Introduction: Cerebral vasoconstriction syndromes such as vasospasm after subarachnoid hemorrhage (SAH) and trauma, or Call-Fleming syndrome are difficult to treat, and can lead to substantial disability and death. Dantrolene, a ryanodine receptor antagonist, inhibits intracellular calcium release from the sarco-endoplasmic reticulum. We examined the effect of dantrolene on middle cerebral artery (MCA) blood flow velocities as measured by transcranial Doppler (TCD).
Methods: Three consecutive patients with elevated MCA TCD velocities receiving dantrolene (2.5 mg/kg i.v. q6h) were retrospectively reviewed. Average MCA peak systolic, mean flow velocities, and the pulsatility index (PI) before and after the dantrolene infusion were compared within patients. Systemic physiological parameters (blood pressure, heart rate, central venous pressure, intracranial pressure, body temperature, and cooling water temperature) were retrospectively collected 6 h before and after the dantrolene infusion.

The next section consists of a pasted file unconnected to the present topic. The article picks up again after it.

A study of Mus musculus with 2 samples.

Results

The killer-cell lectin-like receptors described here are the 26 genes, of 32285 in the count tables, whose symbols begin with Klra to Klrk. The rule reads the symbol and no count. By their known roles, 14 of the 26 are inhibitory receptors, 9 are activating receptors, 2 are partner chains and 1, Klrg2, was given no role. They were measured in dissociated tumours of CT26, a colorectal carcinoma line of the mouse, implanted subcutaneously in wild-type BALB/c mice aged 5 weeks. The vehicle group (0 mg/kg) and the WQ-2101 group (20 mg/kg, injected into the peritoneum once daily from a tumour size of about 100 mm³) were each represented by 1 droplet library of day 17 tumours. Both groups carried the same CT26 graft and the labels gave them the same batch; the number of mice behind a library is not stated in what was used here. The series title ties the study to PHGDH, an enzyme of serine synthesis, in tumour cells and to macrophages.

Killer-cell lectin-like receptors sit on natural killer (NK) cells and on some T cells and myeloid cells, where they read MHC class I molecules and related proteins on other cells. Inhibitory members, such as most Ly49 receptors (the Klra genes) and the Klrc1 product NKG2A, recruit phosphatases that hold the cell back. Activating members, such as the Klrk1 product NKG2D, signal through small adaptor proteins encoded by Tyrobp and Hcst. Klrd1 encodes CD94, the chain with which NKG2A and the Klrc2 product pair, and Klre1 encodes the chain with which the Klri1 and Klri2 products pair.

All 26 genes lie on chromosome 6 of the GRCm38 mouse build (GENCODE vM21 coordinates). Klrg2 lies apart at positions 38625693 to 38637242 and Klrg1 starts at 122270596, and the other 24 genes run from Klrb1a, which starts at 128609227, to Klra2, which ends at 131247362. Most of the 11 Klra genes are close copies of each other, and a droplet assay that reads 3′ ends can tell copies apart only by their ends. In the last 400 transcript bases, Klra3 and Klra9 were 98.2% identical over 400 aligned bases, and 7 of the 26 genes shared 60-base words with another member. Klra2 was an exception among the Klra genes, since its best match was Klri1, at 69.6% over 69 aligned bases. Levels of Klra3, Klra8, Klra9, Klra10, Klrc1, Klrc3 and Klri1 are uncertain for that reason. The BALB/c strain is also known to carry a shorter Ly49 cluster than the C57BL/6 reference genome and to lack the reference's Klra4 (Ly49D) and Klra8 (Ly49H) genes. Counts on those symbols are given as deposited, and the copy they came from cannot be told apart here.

Results: MCA peak systolic velocities (mean +/- SE) for the three patients were 297 +/- 3, 248 +/- 8, and 268 +/- 19 cm/s before dantrolene and 159 +/- 9, 169 +/- 8, and 216 +/- 12 cm/s after dantrolene. Average mean flow velocities showed the same trend. Interestingly, the PI increased slightly from 0.6, 0.52, and 0.67 before dantrolene, to 1.17, 0.71, and 0.77 after dantrolene. Systemic physiological parameters remained stable in all three patients.
Conclusion: Dantrolene attenuated cerebral vasoconstriction as measured by TCD without altering systemic physiological parameters. This suggests that intracellular calcium release from ryanodine channels in smooth muscle might play a role in vasospasm. A prospective study is underway to test this hypothesis.